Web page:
Don’t Date Rosa Santos by Nina Moreno
Review by Lauren
Source: library copy; all opinions are my own
Official Summary: Rosa Santos is cursed by the sea-at least, that’s what they say. Dating her is bad news, especially if you’re a boy with a boat.
But Rosa feels more caught than cursed. Caught between cultures and choices. Between her abuela, a beloved healer and pillar of their community, and her mother, an artist who crashes in and out of her life like a hurricane. Between Port Coral, the quirky South Florida town they call home, and Cuba, the island her abuela refuses to talk about.
As her college decision looms, Rosa collides – literally – with Alex Aquino, the mysterious boy with tattoos of the ocean whose family owns the marina. With her heart, her family, and her future on the line, can Rosa break a curse and find her place beyond the horizon?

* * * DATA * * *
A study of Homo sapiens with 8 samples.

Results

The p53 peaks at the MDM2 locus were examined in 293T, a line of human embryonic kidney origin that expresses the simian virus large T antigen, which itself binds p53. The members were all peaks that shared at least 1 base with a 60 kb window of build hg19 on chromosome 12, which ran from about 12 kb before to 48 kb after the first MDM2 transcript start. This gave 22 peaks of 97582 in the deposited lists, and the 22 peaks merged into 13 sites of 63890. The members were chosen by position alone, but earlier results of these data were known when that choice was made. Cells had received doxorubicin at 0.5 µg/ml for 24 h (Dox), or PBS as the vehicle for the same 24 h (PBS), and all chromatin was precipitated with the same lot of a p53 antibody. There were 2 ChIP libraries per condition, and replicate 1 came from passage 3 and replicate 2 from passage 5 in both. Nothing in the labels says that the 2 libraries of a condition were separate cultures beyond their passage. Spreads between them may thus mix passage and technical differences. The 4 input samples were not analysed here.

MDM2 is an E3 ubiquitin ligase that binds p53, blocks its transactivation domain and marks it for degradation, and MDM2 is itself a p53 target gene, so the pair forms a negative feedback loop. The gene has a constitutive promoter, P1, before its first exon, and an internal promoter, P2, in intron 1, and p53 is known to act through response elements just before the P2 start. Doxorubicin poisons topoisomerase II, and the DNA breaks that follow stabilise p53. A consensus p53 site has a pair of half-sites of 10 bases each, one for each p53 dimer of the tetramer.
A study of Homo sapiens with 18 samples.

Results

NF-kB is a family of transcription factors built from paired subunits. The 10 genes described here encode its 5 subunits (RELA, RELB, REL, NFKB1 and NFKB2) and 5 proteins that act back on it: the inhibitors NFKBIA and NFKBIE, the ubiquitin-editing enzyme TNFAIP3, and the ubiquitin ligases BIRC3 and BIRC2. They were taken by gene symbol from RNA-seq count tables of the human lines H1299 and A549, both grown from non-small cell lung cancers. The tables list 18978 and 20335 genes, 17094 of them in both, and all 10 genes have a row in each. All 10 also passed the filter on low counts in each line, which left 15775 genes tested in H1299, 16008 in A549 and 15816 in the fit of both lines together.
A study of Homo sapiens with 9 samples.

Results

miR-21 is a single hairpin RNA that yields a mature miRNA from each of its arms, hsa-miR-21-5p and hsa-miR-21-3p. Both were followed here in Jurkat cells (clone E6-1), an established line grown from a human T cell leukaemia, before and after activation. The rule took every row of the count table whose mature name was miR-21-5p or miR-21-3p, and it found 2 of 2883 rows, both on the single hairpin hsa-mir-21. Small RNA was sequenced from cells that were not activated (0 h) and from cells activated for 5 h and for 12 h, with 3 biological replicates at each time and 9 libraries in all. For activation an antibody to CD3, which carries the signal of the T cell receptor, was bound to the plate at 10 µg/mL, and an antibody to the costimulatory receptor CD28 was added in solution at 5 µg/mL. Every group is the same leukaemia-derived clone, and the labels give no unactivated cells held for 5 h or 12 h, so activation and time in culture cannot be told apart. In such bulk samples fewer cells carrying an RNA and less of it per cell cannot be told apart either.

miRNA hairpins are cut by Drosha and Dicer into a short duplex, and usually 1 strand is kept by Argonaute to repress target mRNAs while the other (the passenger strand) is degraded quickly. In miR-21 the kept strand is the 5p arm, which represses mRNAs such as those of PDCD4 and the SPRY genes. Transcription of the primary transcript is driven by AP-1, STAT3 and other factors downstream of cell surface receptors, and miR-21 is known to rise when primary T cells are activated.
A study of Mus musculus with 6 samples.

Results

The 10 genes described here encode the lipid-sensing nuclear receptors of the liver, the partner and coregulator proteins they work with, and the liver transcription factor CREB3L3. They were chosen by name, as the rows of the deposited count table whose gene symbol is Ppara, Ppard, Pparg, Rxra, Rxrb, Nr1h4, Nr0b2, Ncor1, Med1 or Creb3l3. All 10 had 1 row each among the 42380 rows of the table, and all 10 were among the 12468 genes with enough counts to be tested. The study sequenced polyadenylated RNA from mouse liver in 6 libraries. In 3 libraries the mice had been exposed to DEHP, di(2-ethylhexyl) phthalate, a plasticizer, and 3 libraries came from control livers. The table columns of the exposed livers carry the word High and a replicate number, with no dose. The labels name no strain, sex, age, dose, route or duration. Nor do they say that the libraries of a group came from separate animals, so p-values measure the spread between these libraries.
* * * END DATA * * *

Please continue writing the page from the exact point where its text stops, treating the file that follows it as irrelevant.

While reading, I realized the book reminds me of a mash-up between With the Fire on High by Elizabeth Acevedo and Love & Other Curses by Michael Thomas Ford – books about family, curses, first loves, food, and other countries and cultures. Rosa’s family isn’t great at communicating, so while they have this whole curse surrounding them, Rosa doesn’t actually know how it’s affected her mother and Abuela (grandmother), and it’s important for her to know these things. She lives her life under this cloud, of sorts, and yet she doesn’t feel like she can even talk to the people who would know best what that cloud feels like.
I really liked Rosa’s home in Port Coral. It sounded like a really lovely, friendly place, and I could empathize with her need to know more about Cuba and one day visit. She never thought she’d have the chance, but with Cuba opening up its borders more, it’s a dream she is secretly trying to make happen.
Don’t Date Rosa Santos is a good book, in general, but it wasn’t a great fit for me.